SACRAMENTO (CBS13) — Every day, hundreds of planes take off and land at the Sacramento Executive Airport, but on Tuesday, no air traffic controllers showed up to work at the tower.
Pilots say these controllers’ primary role is to keep people in the air and on the ground safe, and now, some changes are being made when they aren’t at their post.READ MORE: HHS Secretary Xavier Becerra Pledges To Protect Access To Reproductive Health Care
“It can be kind of scary and nerve-wracking,” said Ryan O’Neil, a student pilot.
Pilots typically get permission to take off and land from air traffic controllers inside the tower.
“There’s usually anywhere from 2-3 people that would be staffing the control tower,” said Scott Johnston, airport spokesperson.
But recently, no one’s been home.
“A staff shortage, that’s the problem,” Johnston said.
So what role do air traffic controllers have in keeping pilots safe?
“It kind of helps us inside the airspace just to make sure we have separation from other aircraft to make sure we’re not hitting anybody,” said pilot Justin Young.READ MORE: Airbnb Permanently Bans Parties At Its Rental Locations
All pilots are trained to operate at uncontrolled airports, but when the skies get congested with other planes, they sometimes have to make split-second decisions over the radio.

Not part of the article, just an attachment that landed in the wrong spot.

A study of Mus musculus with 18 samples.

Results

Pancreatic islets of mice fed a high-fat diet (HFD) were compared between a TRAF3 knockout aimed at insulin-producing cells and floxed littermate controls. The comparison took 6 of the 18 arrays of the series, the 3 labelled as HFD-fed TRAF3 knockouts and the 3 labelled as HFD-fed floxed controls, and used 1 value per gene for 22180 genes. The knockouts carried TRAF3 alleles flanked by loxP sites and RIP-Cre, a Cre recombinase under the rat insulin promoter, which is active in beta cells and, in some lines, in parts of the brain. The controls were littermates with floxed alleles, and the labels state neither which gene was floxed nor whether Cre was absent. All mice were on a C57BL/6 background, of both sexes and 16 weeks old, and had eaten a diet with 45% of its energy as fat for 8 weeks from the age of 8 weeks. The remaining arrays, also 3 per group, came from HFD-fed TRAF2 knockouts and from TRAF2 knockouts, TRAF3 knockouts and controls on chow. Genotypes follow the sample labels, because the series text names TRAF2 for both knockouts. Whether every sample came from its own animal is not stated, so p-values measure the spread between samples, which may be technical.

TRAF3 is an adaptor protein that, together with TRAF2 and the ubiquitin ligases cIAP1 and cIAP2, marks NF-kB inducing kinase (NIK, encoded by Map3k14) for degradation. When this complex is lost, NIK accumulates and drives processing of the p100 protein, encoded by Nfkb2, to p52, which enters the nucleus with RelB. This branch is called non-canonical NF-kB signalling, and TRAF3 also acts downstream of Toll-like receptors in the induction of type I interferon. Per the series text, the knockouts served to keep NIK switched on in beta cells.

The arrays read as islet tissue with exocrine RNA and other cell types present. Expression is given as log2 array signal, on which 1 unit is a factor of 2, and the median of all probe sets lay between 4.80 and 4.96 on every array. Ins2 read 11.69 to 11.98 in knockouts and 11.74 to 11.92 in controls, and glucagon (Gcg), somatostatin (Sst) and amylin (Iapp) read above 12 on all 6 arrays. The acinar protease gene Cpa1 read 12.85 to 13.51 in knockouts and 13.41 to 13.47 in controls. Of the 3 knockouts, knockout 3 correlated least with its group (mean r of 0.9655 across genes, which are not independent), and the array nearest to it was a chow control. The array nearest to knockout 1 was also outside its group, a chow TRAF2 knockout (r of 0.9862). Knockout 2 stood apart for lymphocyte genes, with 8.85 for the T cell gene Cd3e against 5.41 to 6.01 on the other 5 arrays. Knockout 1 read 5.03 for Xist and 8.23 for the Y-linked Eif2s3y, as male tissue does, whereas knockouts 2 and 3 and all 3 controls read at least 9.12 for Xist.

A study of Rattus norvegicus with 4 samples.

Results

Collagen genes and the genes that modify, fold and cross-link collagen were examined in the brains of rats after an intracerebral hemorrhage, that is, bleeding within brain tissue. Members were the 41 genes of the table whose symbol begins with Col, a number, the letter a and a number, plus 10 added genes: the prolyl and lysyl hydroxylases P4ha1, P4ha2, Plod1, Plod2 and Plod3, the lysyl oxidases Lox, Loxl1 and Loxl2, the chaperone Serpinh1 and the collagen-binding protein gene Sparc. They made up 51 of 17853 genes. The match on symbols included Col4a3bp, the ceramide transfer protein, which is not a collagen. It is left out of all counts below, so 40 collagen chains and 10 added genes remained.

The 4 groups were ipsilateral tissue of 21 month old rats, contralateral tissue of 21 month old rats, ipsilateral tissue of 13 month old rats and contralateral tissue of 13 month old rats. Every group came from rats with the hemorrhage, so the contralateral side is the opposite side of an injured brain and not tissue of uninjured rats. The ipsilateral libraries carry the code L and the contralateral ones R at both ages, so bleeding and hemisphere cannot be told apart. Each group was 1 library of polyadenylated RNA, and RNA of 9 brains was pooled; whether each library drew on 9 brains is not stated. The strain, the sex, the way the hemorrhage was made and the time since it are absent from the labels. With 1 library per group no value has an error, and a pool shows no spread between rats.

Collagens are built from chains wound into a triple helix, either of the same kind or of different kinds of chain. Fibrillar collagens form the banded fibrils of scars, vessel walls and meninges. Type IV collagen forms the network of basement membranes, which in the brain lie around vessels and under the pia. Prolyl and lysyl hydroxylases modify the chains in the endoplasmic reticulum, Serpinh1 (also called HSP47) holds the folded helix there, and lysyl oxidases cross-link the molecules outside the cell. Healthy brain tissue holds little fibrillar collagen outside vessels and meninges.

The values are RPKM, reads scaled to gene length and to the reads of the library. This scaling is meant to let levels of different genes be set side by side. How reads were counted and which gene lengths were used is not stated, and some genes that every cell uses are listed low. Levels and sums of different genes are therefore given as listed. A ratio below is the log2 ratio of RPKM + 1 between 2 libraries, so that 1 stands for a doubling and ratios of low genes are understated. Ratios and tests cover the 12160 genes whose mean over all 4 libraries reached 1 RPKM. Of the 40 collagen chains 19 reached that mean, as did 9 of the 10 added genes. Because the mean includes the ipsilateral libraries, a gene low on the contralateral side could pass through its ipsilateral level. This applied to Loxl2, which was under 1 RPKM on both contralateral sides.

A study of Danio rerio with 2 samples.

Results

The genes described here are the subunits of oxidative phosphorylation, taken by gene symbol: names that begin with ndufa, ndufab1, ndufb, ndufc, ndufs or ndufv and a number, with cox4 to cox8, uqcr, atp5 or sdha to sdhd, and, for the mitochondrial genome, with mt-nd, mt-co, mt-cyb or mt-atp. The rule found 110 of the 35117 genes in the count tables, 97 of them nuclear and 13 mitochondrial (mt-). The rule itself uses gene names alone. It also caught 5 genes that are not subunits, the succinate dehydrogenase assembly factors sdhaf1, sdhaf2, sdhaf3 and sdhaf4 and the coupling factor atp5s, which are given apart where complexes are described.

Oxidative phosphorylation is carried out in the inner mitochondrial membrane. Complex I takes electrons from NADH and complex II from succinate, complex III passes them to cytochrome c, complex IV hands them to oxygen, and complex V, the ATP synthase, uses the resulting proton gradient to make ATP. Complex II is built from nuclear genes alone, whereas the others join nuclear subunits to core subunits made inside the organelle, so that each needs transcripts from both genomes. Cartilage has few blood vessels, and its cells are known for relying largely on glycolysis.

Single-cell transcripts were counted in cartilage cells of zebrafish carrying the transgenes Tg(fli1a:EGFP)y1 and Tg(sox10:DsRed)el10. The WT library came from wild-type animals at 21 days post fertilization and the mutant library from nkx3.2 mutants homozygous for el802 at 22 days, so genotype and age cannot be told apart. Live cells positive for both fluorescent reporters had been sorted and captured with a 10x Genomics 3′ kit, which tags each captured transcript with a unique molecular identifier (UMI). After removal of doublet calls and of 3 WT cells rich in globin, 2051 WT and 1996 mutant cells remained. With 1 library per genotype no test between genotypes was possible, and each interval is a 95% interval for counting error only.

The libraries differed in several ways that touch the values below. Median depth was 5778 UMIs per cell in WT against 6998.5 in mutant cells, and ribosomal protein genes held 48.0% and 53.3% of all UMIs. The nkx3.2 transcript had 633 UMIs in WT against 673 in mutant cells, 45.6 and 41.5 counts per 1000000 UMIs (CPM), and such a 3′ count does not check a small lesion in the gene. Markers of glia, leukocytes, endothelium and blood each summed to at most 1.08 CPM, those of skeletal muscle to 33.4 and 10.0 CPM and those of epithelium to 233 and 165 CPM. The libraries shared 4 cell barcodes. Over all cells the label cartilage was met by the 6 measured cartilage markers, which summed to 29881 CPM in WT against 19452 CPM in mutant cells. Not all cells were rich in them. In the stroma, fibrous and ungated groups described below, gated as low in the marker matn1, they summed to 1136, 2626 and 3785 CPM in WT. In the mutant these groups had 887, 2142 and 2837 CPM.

“We were both two miles out, so we had to negotiate, ‘You can go first and we’ll fly a little slower so you can get in there faster,’ ” O’Neil said.
“We’ve got intersecting runways here, for instance. I was just coming in to land, and there was somebody that was trying to take off one runway and I was trying to land on the other one,” Young said.
The executive airport also has three flight schools and some of their training is being impacted.
“Right now, they’ve shut down the pattern,” Young said. “So right now you’re not allowed to do touch and goes right here. We have to kind of fly out to a different airport before we can go ahead and do that.”
The airport contracts with a private company to provide qualified controllers and they say staffing shortages are a nationwide issue. But many pilots are now hoping their guides on the ground will soon return to the tower.
“It is nice having that other person looking out for you,” O’Neil said.MORE NEWS: FDA Advisers To Consider Whether Omicron-Specific COVID Vaccines Are Needed
There are no commercial flights out of the executive airport, so no scheduled flights are impacted when controllers are absent.